83°F
weather icon Clear

Kodachrome’s colorful landscape picturesque

If you plan on a spring outing to Southern Utah, especially along Scenic Byway 12 to Bryce Canyon National Park or the Escalante area, an easy yet rewarding side trip is Kodachrome Basin State Park.

Here you will find a glorious landscape with five official hiking trails that lead to 67 sedimentary sandpipes, a large arch and monolithic spires. The trails vary from about one-half mile to 6 miles round trip.

The park, established in 1963, was named by the National Geographic Society on an expedition in 1948. Noting the landscape’s eye-popping color, somebody took the trouble to get permission to appropriate the name already copyrighted by Kodak Film Corp., which manufactured Kodachrome, the favorite film for color photography in those days. Being so memorable, the name stuck.

The 2,240-acre park lies at an elevation of about 5,800 feet, in a semidesert in the upper Sonoran life zone. Vegetation includes pinyon and juniper, big sage, Mormon tea, Fremont holly and prickly pear cactus. Look for tracks of resident wildlife, such as mule deer, mountain lion, white-tailed antelope squirrel and coyote, along the trails.

You might want to start with the one-half mile Nature Trail where interpretive signs identify the flora, fauna and basic geology found in the park. Another great trail is the Shakespeare Arch/Sentinel Trail, a 1.7-mile loop trail. This features a fine arch that rises up about 75 feet from the ground.

Although not technically in the park, Chimney Rock is worth the drive out a 1½-mile, well-maintained, gravel road. You’ll find there a 170-foot spire, tallest in the area.

There is a campground with a few dozen sites, for recreational vehicles and tents. Some may be reserved and some are first come, first served. Flush toilets and hot showers are available. The park is open from 6 a.m. to 10 p.m. year-round. Call 435-679-8562 or visit www.stateparks.utah.gov for more information.

If camping isn’t your thing, there are even bunkhouses available in the park. These fill up fast, though, so be sure to make a reservation.

If you have the time, venture about 11 miles south from Kodachrome State Park on the main gravel road and you will see the left turn to Grosvenor Arch, well worth visiting. (Don’t travel this road if it is raining or threatening to rain.)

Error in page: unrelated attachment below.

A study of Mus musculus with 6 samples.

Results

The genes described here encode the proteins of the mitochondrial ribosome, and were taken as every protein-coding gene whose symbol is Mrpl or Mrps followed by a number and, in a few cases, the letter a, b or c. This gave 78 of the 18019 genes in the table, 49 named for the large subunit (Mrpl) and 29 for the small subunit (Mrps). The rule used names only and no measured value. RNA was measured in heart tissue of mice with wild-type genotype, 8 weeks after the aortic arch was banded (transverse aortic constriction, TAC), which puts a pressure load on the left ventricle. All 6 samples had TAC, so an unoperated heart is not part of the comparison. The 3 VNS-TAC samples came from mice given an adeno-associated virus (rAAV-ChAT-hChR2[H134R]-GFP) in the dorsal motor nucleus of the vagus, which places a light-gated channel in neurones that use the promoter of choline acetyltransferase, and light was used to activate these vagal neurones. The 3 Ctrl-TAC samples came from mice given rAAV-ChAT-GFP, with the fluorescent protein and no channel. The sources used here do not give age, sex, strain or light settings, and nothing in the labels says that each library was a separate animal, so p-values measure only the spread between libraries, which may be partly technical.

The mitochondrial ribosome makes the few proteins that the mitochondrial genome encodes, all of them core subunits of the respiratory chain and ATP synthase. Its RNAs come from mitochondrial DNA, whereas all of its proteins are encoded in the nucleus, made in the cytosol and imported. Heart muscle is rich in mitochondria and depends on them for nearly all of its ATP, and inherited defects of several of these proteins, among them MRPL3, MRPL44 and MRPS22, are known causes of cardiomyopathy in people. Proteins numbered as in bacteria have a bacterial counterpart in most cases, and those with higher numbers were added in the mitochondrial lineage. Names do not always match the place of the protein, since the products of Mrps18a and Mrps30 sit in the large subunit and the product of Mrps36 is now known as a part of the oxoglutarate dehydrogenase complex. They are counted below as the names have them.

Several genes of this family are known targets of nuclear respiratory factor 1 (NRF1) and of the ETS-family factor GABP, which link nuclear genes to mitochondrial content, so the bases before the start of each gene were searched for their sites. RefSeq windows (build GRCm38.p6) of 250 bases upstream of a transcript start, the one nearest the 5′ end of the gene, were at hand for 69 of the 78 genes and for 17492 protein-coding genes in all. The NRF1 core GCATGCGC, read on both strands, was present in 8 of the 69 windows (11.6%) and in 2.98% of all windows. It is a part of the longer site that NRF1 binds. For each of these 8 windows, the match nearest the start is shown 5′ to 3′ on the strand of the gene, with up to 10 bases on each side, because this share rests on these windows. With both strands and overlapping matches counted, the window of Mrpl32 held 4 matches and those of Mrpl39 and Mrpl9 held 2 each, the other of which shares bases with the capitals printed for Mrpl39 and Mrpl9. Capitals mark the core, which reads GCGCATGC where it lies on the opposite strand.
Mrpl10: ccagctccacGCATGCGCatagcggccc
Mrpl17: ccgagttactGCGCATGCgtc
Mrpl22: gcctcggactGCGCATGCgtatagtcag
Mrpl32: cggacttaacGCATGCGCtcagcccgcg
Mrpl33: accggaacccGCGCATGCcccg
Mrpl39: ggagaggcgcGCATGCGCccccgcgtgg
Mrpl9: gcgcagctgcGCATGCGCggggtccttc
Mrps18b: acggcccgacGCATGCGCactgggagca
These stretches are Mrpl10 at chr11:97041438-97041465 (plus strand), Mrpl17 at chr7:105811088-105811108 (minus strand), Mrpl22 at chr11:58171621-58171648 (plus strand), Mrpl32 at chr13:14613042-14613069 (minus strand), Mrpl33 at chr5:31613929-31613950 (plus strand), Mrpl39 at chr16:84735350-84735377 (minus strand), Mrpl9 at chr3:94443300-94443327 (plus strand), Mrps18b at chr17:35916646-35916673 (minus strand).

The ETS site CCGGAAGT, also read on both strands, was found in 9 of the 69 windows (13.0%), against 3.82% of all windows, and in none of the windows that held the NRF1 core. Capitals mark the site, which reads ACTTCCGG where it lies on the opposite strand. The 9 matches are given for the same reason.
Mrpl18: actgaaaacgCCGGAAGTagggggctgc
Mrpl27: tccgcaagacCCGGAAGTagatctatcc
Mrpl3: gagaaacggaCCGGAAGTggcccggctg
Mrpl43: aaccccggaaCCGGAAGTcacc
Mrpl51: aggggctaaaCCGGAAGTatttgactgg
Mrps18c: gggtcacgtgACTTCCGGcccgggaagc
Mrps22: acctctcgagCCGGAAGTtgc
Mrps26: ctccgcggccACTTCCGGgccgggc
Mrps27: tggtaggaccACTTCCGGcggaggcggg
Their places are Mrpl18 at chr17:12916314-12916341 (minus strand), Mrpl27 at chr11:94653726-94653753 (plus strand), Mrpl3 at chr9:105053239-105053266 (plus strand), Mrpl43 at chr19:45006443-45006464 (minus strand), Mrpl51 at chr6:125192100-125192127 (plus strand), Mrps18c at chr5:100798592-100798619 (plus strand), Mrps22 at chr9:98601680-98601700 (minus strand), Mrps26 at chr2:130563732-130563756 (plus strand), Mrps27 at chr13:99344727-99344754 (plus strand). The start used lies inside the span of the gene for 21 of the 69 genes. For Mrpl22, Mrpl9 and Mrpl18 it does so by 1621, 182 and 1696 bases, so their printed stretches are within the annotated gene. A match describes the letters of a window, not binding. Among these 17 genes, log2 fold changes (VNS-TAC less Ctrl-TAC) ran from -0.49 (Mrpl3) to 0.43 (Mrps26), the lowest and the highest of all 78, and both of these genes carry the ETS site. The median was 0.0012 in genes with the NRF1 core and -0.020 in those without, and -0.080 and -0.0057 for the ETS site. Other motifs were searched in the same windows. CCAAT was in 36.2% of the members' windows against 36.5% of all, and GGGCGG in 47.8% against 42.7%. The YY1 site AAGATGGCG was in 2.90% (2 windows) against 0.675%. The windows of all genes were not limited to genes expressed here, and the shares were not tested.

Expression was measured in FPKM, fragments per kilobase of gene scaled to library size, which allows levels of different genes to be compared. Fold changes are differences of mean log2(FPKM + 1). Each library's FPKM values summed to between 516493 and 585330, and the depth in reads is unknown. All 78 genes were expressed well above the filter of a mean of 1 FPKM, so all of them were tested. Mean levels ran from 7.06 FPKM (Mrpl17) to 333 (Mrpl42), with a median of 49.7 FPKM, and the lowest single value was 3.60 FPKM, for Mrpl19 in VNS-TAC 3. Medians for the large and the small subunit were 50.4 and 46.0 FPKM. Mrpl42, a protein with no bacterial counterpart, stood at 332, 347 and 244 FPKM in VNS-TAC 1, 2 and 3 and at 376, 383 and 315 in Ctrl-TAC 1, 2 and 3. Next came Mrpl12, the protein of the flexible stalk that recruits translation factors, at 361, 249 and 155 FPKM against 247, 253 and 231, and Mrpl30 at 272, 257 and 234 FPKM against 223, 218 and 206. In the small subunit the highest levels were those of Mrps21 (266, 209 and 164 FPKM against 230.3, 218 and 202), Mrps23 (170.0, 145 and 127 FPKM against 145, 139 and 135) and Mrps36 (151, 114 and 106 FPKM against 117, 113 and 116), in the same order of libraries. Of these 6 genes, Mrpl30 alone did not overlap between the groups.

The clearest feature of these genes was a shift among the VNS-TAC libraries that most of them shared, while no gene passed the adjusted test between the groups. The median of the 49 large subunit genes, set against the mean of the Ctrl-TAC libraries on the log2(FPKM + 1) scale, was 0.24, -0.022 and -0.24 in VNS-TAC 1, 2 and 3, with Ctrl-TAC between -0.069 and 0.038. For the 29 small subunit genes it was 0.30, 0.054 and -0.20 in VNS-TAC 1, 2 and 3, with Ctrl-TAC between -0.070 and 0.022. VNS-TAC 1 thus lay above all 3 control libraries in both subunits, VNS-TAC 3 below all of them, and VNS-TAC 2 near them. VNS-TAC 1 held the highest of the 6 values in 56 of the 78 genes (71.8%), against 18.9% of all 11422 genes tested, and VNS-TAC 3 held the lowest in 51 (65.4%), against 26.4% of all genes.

Grosvenor, named for a former president of the National Geographic Society, is in what is still called Grand Staircase-Escalante National Monument, despite President Donald Trump’s efforts to reduce its size. The formation is special because it is a double arch of immense size, the larger arch spanning about 100 feet.

You can view the arch from the parking area, but taking the 200-yard trail is worth it to see for yourself its marvel and speculate about how it was formed so gracefully by nature. Being paved, this trail is handicap-accessible.

Many of Deborah Wall’s columns have been compiled into books about hiking in the Southwest. She is also the author of “Great Hikes, a Cerca Country Guide” and a co-author of the book “Access For All, Seeing the Southwest With Limited Mobility.” Wall can be reached at Deborabus@aol.com.

Don't miss the big stories. Like us on Facebook.
THE LATEST
Wrestler advances to national tourney

Hunter Moore, an incoming senior at Boulder City High School, will represent Nevada in the Fargo National Championship, after dominating his way through the Western State Championship wrestling tournament held June 22-25.

Swimmers continue to make waves

After helping Boulder City High School’s girls swimming team win its eighth consecutive 3A state championship — which dates back to 2013 — sophomore Phoebe McClaren and junior Tara Higley were honored among the top swimmers in Southern Nevada singled out by Nevada Preps/Las Vegas Review-Journal.

Lady Eagles get all-state honors

After helping lead the Lady Eagles to a state tournament appearance, Boulder City High School’s softball program placed five girls on the 3A all-state team, tied for the most in the classification.

Lagan earns gold at national championship

Alexis “Lexi” Lagan, Boulder City’s first female Olympian, sat atop the podium after taking home first place in air pistols during the 2022 National Pistol Championships in Colorado Springs, Colorado, on June 3-13.

Fishers angle for best spot

Anglers covered the shorelines at Veterans’ Memorial Park on Saturday, June 11, as Boulder City hosted the Southern Nevada free fishing day event.

Eagles dominate state volleyball honors

After winning their second consecutive state championship, Boulder City High School’s boys volleyball team dominated the 3A all-state award landscape, taking home seven of 17 available honors.

94-year-old still out on the green

Feeling younger than ever, 94-year old Virginia “Birdie” Hurst is an avid golfer who has no plans to slow down.

Eagles’ pitcher Welbourne singled out

Kanon Welbourne, a junior at Boulder City High School, was named the Mountain League’s pitcher of the year for his dominant performance throughout the season and helping the varsity baseball team win the league title.

Carver named MVP

After helping her softball team finish first in the 3A Desert League and clinch a state tournament berth, Boulder City High School senior Paeton Carver was named conference MVP.

Girls hone skills through club play

Looking to start their next dynasty at Boulder City High School, a group of upcoming girls volleyball stars have been working hard during offseason, playing club ball for the Eagles 16U team.